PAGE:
Organic Transit

Organic Transit’s Enclosed Tricycle Is Half Bike, Half Car

This past summer, Organic Transit, a small company in Durham, N.C., completed construction of the 51 enclosed, electrically assisted tricycles that it sold earlier in the year through a successful Kickstarter campaign. I visited Organic Transit’s founder and chief executive officer, Rob Cotter, to find out more about this intriguing little vehicle—and to give it a test ride.

The company and its new product—the Elf—is certainly something different. Normally, when you say “cycling,” what comes to mind is the classic safety bicycle, which was developed in the late 1800s. While lots of people continue to use this sort of bicycle for getting around town, for many folks, cycling is just not a practical means of transportation, even if they’re not going far. It may be raining, for example. Or they might need to carry more groceries home than they can comfortably tote on a bike. Or maybe the problem is that once they’ve got the bicycle all loaded up, they won’t be able to tackle that big hill on the way back from the supermarket. Or perhaps they just don’t want to risk getting hurt if they wipe out.

Bicycle makers have recognized these problems for a long while, but few companies have attempted to address them. Organic Transit is the latest to take on this long-standing challenge. Its three-wheeled Elf adopts what’s known as the “tadpole configuration,” with two wheels in front and one in the rear. In this respect, it’s similar to many of the velomobiles that have come before it. But unlike most of those earlier models, it wasn’t designed low and sleek to slip through the air. Rather, the Elf’s designers had safety and comfort at low speeds in mind, which is why the rider sits high and why the plastic body of this vehicle is not particularly aerodynamic.

While the Elf is certainly cute and will provide an attractive way to get around for some people, I came away from my visit with Organic Transit a bit skeptical. To me, the Elf, small as it is by car standards, seemed way too big and heavy. (It’s almost 70 kilograms—150 pounds.) So you can’t, say, carry it up a flight of stairs as you can with most any bike. And forget about taking it someplace in or on your car.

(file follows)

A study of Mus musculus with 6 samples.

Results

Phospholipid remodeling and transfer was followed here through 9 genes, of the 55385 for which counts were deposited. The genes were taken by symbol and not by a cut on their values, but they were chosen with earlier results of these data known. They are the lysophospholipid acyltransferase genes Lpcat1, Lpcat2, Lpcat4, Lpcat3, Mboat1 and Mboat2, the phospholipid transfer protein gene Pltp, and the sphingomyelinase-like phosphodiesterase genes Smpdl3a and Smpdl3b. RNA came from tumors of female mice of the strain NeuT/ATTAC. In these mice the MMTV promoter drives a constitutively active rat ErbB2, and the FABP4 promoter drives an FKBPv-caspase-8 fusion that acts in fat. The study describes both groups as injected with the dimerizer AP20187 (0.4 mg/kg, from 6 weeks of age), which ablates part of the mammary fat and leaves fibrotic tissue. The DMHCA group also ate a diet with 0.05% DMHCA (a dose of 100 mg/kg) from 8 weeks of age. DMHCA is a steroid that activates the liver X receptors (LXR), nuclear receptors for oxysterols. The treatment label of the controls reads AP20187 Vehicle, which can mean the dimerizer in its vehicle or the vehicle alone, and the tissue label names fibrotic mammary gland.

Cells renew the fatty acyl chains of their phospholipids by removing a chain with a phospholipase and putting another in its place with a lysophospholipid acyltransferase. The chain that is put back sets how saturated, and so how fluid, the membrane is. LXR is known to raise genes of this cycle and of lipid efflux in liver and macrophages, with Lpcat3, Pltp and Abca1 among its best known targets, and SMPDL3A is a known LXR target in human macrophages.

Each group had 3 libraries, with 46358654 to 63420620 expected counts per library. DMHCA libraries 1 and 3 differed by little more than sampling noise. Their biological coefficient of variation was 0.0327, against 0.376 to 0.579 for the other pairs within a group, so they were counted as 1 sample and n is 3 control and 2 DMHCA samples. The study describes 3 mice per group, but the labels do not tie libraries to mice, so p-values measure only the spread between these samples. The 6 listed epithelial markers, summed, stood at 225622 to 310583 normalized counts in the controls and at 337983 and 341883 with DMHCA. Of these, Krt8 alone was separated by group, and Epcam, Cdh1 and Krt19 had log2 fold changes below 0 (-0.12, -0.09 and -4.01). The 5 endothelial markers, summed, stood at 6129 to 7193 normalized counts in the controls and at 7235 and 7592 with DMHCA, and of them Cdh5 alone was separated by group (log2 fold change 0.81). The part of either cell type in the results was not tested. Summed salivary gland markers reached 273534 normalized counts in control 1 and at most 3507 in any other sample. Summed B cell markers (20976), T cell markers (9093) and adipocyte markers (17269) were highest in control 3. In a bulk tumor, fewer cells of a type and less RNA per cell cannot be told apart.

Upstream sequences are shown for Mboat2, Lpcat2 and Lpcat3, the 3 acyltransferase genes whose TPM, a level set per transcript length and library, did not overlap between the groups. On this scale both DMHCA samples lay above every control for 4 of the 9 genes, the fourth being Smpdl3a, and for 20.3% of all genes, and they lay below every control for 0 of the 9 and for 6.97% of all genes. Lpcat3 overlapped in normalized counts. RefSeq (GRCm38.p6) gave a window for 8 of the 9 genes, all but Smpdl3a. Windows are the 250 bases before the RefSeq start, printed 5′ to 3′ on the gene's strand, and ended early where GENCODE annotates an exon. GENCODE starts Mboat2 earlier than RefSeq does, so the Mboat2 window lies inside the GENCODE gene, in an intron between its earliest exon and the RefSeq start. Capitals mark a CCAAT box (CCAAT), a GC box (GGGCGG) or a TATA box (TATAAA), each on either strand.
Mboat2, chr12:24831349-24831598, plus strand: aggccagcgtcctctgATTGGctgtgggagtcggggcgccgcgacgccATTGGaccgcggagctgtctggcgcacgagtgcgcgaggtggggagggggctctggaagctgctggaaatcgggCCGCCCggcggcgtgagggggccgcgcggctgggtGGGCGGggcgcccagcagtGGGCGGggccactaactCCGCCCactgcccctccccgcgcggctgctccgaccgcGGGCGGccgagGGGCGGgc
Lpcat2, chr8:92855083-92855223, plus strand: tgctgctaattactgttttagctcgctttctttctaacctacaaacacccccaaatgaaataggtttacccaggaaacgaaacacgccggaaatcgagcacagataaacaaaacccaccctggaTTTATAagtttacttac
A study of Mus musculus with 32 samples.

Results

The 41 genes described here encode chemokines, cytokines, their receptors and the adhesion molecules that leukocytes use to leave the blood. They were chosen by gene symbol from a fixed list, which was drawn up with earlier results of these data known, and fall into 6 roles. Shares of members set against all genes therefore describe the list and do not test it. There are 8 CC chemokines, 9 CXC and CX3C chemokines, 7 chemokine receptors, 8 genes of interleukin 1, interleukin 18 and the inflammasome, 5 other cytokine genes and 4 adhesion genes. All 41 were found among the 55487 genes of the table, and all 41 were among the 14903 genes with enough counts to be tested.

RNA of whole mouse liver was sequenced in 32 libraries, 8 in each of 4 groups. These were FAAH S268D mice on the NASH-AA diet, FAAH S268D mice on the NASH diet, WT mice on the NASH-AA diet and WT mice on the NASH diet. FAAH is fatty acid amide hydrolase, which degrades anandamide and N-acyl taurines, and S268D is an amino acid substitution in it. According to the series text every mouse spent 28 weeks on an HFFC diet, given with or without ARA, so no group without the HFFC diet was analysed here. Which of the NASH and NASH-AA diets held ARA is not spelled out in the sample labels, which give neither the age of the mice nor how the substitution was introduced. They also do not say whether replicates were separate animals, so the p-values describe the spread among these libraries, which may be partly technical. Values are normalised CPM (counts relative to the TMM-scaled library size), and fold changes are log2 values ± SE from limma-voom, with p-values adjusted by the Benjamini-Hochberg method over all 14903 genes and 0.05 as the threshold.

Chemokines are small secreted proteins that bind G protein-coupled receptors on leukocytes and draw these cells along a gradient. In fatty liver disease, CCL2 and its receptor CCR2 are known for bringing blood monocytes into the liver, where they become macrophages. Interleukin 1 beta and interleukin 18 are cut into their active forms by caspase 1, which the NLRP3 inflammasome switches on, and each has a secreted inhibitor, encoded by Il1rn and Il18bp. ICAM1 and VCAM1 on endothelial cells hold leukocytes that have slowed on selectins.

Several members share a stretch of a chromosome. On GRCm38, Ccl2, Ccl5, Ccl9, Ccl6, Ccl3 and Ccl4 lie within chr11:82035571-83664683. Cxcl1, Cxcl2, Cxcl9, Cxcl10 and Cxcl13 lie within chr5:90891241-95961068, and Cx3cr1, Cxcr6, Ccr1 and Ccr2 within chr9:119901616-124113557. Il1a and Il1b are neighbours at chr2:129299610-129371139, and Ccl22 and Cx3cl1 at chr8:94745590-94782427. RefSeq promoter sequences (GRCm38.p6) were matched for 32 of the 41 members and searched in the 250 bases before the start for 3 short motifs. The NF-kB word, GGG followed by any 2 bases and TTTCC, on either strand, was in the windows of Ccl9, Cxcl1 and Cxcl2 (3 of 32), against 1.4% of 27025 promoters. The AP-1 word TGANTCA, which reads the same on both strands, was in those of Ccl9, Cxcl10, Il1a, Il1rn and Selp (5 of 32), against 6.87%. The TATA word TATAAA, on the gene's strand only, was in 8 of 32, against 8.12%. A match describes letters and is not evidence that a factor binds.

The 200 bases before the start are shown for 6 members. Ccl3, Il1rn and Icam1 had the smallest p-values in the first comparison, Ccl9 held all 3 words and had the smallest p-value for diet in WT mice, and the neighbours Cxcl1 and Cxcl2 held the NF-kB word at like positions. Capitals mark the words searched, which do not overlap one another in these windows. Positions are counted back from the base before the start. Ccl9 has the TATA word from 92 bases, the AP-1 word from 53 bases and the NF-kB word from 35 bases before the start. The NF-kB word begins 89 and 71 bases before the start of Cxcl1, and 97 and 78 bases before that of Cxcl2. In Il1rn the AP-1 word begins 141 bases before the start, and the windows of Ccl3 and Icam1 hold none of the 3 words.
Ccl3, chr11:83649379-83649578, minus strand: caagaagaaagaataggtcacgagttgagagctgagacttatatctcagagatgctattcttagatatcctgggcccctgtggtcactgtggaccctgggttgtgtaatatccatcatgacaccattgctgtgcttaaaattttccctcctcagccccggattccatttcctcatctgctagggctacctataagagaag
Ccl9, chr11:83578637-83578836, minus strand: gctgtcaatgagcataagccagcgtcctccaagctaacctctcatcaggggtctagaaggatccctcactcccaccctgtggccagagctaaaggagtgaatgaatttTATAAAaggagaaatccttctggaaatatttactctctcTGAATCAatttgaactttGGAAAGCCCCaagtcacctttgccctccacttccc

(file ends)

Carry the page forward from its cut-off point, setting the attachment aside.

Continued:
It’s also not clear to me how easily you could maneuver something that’s 122 centimeters (48 inches) wide on a typical bike path or on the shoulder of the road. During my short test drive, I kept the Elf in the middle of the lane, as you would a car, rather than trying to hug the shoulder, as I usually do on my bike. Unless you’re keeping to places with very low speed limits, that’s not going to win any friends on the road.

My final critique reflects something that Cotter and his colleagues are well aware of: The Elf seems a bit of a rattletrap. Indeed, this trike is, literally, a “rattle” trap, because each clunk you experience when you hit a pothole, say, reverberates around the cabin. Cotter says that he and his colleagues are working on that problem, but it’s hard for me to see how they’ll be able to find a solution that doesn’t just exacerbate the weight issue.

Organic Transit is planning to introduce early next year a larger pedal-electric vehicle called the TruckIt, designed to carry 227 to 363 kg (500 to 800 lbs) of cargo. As much as I applaud its efforts to make cycling serve people’s practical needs, I would have preferred to see the company focus its design talent on something toward the smaller, lighter end. But if they succeed with the Elf and the TruckIt, maybe they’ll do that too.